Budget brings additional funding for affordable housing
The NDP brought down the provincial budget today, and it included what Finance Minister Carole James said is the largest investment in B.C.’s history for affordable housing. It included $1.6-billion over three years to build and maintain affordable rental housing.
The NDP dismantled the B.C. Home Owner interest-free mortgage program for first-time buyers, using that money to create a new “Housing Hub” agency that will work with non-profit groups, churches and the private sector to find land for housing projects.
The Co-operative Housing Federation of BC, along with Housing Central partner BC Non-Profit Housing Association, commended the provincial government for taking decisive action on the province’s housing crisis in the provincial budget.
“We are very pleased that the government has taken these critical steps to address housing supply and affordability in BC,” said Thom Armstrong, Executive Director of the Co-operative Housing Federation of BC. “These measures will position the community housing sector to partner with government on concrete solutions that will have a real and meaningful impact on communities everywhere in B.C.,” said Armstrong.
Jill Atkey, Managing Director of BC Non-Profit Housing Association, said these new investments, combined with the contributions of a range of other partners like municipalities and the Federal government, will set B.C. firmly on the path of building 114,000 new units of affordable housing over the next ten years.
Coastal Community Credit Union funds farmers market
Coastal Community Credit Union has awarded $5,000 through its Building Healthier Communities Fund to Island Roots Market Cooperative.
The funding will help the organization assess the demand for a permanent Farmers Market in Nanaimo.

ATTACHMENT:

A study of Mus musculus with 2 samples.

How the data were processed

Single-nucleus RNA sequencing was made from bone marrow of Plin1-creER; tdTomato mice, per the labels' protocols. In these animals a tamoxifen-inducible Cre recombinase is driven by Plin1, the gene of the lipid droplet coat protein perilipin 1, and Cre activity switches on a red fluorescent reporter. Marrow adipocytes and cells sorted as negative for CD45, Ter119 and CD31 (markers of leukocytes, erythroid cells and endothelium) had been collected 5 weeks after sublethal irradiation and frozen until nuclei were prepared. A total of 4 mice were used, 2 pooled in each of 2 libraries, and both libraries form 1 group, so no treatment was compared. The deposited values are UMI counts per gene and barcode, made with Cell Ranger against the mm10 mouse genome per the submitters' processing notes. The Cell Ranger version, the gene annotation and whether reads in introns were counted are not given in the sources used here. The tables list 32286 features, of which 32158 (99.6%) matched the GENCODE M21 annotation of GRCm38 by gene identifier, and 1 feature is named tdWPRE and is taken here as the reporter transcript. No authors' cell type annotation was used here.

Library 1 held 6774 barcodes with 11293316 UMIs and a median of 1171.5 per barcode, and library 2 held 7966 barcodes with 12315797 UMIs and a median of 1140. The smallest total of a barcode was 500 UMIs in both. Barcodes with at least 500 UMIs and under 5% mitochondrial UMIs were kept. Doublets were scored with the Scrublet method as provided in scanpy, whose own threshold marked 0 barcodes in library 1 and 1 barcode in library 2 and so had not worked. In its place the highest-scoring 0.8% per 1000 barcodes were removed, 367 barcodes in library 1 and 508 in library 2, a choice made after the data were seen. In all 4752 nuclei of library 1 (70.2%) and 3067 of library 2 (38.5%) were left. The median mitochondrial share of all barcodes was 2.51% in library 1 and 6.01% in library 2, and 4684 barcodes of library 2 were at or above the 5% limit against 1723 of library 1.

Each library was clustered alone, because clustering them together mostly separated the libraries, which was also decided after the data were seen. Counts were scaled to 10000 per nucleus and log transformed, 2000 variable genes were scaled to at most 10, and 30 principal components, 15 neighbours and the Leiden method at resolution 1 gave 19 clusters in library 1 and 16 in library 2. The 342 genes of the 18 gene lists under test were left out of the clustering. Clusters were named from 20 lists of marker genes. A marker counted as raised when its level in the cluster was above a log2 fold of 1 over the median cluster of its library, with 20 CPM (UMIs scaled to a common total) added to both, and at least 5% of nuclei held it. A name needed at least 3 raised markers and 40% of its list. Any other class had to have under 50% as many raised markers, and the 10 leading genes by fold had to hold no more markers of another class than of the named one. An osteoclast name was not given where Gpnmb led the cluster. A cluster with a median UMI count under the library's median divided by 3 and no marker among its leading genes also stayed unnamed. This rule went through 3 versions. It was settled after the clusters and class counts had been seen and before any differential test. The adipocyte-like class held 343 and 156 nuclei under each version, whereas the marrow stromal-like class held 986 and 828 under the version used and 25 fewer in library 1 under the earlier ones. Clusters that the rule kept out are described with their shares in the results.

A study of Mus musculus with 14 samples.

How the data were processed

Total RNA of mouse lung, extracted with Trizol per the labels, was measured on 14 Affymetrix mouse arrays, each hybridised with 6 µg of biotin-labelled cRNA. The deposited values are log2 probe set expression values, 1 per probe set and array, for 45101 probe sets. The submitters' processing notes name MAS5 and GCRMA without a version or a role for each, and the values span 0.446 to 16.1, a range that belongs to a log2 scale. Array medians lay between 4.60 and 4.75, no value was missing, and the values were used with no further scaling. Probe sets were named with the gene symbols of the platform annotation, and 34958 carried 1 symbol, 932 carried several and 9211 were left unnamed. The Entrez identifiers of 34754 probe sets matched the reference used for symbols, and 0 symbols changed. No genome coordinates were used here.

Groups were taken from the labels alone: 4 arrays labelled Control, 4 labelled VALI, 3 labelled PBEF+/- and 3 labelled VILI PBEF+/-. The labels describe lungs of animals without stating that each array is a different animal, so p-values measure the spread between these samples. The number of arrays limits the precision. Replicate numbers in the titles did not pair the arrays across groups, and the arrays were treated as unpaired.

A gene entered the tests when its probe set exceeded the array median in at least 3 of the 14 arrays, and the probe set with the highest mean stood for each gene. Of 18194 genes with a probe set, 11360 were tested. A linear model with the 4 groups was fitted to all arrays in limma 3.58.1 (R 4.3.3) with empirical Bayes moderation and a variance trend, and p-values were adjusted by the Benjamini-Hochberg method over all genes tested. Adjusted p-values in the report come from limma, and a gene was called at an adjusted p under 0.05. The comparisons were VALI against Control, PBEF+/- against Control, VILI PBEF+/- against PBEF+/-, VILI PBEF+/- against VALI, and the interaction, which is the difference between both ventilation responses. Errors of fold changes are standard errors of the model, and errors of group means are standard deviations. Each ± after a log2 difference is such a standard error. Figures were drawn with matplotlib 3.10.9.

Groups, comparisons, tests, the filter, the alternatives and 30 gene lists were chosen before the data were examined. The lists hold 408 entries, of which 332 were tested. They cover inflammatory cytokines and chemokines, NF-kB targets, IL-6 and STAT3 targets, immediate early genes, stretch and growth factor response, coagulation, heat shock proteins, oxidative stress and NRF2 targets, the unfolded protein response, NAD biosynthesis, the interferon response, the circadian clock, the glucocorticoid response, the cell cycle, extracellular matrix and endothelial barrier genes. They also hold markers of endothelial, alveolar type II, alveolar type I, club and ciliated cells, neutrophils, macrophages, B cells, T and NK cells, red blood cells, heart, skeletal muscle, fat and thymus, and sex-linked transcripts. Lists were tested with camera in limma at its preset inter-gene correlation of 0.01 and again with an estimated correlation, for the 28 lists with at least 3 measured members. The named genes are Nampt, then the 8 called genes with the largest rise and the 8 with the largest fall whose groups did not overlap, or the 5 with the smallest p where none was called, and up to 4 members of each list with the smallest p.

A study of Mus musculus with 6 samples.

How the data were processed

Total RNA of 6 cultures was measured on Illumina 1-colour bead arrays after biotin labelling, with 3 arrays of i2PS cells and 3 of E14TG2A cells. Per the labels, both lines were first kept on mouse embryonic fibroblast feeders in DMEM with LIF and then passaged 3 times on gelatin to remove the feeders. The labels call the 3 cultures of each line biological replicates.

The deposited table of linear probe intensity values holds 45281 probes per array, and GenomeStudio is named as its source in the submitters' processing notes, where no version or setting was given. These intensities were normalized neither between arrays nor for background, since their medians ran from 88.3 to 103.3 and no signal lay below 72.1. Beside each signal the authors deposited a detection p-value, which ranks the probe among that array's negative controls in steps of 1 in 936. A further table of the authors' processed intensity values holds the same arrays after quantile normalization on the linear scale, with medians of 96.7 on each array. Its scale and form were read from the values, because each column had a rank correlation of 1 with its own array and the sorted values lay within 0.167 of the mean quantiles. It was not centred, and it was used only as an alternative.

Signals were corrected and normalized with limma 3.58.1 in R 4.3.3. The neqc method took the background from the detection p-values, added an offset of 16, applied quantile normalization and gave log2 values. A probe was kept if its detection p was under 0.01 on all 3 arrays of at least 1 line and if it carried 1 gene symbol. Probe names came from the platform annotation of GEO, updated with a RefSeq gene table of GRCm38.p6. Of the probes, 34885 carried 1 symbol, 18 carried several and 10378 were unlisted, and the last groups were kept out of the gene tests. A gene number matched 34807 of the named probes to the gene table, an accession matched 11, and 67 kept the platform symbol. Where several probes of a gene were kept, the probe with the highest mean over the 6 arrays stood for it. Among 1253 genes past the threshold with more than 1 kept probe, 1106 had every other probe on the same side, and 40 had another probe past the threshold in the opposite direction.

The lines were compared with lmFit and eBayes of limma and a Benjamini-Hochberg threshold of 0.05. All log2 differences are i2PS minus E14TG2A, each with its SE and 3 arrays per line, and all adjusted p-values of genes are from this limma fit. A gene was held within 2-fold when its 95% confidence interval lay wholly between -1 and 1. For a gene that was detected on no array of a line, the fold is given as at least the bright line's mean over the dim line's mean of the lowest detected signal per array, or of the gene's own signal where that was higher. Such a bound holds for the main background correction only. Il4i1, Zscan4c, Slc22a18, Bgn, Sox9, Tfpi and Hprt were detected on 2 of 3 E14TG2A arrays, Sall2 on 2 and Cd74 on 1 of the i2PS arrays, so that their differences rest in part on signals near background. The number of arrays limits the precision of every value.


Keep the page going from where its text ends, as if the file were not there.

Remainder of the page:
According to the Co-op, a year-round market would strengthen communities in the region in a number of ways, including stimulating and raising the profile of the local food movement and increasing the health of Island residents through stable access to fresh local food.
The Thingery, a co-op borrowing project, could be coming to a neighbourhood near you
Imagine all the stuff you might want one day, but rarely use, conveniently located in a community pod not far from your home, available to use when you want it—and stored away conveniently when you don’t.
That’s The Thingery.
Based on a co-op model, community members sign up for a membership, and pay an annual fee for the right to borrow everything from home and garden tools to recreational, seasonal and party equipment and even kids toys.
The first Thingery location opened at River Market in New Westminster in December. And they’ve secured permission for Thingeries to be located in Vancouver, New Westminster and potentially North Vancouver.
Shared motorcycle cooperative in Vancouver gives members tools for a smooth ride
There is now a motorcycle repair co-op in Vancouver.
The Vancouver Motorcycle Collective — a cooperative, subscription-based shared workspace — was launched in January.
Members have access to a fully equipped workshop with tools, workbench space, lifts, and a welding station, as well as a repair manual library and optional online motorcycle repair courses. Users can pay for an annual membership or a half-day’s use of the shop space, with several subscription options in between.